Hormone deficiencies and imbalances are more common than one might originally think. Research suggests that “nearly half of the women in the United States have experienced a hormone imbalance” (Grinta, 1) . However, hormone imbalance does not just affect women, “as nearly 35% of males in their seventh decade have lower testosterone levels than younger men”. (McBride, 2) An imbalance in hormones can cause an array of symptoms and ultimately affect an individuals day to day life.
The symptoms of hormone deficiency might not be as obvious as one could imagine. Some symptoms are small and could be brushed off as stress or lack of sleep, but it is important to look at the symptoms for what they really are. “In women, low estrogen can contribute to:
- mood swings
- hot flashes
- trouble concentrating
- irregular or absent periods
- increased UTI’s “
In men, some of the symptoms are similar to those in women, but also include:
- decreased bone mass
- sleep disturbances
- decreased motivations
- increased body fat
- decreased muscle mass
- hair loss
If these symptoms are affecting an individual’s lifestyle, there are multiple steps that can be taken to diagnose the problem and ultimately reduce symptoms. In today’s medical world, practitioners are able to use integrative techniques towards functional medicine, focusing on the biochemical level. If a patient is seeking solutions, the first step taken is an extensive questionnaire. This allows the doctor to pinpoint the exact symptoms, issues, and gives an insider look as to what direction to head towards first.
An example of the questions asked are as follows:
Once the questionnaire is completed and reviewed, a lab test is needed in order to confirm and view the exact levels the hormones are at. D.U.T.C.H ( Dried Urine Test for Comprehensive Hormones) provides one of the most accurate results. To gain more insight on D.U.T.C.H and how it works, please see last week’s article, linked here.
Testing & Conclusions
Filling out the questionnaire essentially allows the practitioner to score and rate the severity of the issues. Adding the D.U.T.C.H results to the questionnaire gives the practitioner a factual level and complete understanding of their patient’s sex and adrenal hormones and metabolites.
This further allows the practitioner to diagnose (if necessary) and suggest nutraceuticals to help the patient’s hormone levels return to normal and minimize symptoms. There are many factors and systems involved when it comes to treating hormones and having tests completed that reflect the numbers that need to be adjusted is necessary. A hormone imbalance can easily take charge of an individual’s life, but now is the time to get these symptoms under control and get back to feeling like you used to!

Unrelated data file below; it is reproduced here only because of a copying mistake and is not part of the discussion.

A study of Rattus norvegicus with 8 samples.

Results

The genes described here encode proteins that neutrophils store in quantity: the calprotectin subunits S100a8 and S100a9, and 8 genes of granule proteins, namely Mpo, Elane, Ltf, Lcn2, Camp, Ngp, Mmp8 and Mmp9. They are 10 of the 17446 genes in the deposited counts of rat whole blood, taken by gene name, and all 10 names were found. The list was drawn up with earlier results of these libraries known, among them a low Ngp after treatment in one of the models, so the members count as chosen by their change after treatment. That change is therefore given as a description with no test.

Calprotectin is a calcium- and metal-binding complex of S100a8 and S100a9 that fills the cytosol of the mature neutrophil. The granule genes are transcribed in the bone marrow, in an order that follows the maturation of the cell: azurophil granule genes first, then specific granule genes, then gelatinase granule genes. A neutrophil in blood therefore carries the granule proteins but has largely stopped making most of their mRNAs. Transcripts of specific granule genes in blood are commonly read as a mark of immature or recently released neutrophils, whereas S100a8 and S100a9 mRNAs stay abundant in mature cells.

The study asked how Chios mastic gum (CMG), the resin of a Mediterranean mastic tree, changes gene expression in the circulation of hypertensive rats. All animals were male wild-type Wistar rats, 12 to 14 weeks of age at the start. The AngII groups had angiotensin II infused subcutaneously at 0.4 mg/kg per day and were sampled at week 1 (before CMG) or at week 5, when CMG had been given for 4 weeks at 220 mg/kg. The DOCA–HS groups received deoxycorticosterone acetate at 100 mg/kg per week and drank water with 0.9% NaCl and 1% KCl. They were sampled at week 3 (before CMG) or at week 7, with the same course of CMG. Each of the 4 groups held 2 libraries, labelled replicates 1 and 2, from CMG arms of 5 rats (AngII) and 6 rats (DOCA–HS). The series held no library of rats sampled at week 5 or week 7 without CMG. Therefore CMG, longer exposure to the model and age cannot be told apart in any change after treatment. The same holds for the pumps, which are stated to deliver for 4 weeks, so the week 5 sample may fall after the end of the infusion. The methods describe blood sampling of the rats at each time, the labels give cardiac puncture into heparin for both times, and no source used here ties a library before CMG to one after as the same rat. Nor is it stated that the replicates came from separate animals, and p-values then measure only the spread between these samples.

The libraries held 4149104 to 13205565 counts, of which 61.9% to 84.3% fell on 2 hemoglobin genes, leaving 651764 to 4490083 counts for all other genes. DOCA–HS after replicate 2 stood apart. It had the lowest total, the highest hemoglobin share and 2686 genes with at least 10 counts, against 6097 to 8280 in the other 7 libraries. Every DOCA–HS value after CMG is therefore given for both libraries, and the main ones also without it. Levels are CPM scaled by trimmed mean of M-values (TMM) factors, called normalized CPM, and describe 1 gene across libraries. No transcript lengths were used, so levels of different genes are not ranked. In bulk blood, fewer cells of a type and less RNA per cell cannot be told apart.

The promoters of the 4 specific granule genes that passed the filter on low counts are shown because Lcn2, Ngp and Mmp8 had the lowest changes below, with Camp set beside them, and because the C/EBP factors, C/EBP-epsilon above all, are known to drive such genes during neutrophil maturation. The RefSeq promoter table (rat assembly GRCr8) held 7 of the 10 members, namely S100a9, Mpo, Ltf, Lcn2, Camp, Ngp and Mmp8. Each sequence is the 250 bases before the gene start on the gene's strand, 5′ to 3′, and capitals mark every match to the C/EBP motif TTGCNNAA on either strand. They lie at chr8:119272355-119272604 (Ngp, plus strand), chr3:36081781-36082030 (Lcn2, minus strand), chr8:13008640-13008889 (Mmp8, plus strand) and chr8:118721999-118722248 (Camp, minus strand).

A great place to start is to find a doctor or healthcare provider who will supply you with a full questionnaire and listen to the symptoms you’re having. This condition is fairly common and can be treated! October is Chiropractor Health Month, and we would love to see you and aid in providing treatment if you are experiencing any of these symptoms. Due to the fact that hormones can be complex and affect different body systems, we take the time to really understand and check all aspects before jumping to a conclusion. – Kenna Vaughn, Senior Health Coach
The scope of our information is limited to chiropractic, musculoskeletal and nervous health issues as well as functional medicine articles, topics, and discussions. We use functional health protocols to treat injuries or chronic disorders of the musculoskeletal system. To further discuss the subject matter above, please feel free to ask Dr. Alex Jimenez or contact us at 915-850-0900 .
(1) Ginta, Daniela. “What Are the Symptoms of Low Estrogen in Women and How Are They Treated.” Healthline, 31 Jan. 2017, http://www.healthline.com/health/womens-health/low-estrogen-symptoms.
(2) McBride, J Abram, et al. “Testosterone Deficiency in the Aging Male.” Therapeutic Advances in Urology, SAGE Publications, Feb. 2016, http://www.ncbi.nlm.nih.gov/pmc/articles/PMC4707424/.
(3) Swns. “Nearly Half of Women Have Been Affected by a Hormonal Imbalance.” New York Post, New York Post, 22 Feb. 2019, nypost.com/2019/02/22/nearly-half-of-women-have-been-affected-by-a-hormonal-imbalance/.
(4) Wallace, Ryan, and Kathleen Yoder. “12 Signs of Low Testosterone .” Healthline, 25 Apr. 2019, http://www.healthline.com/health/low-testosterone/warning-signs.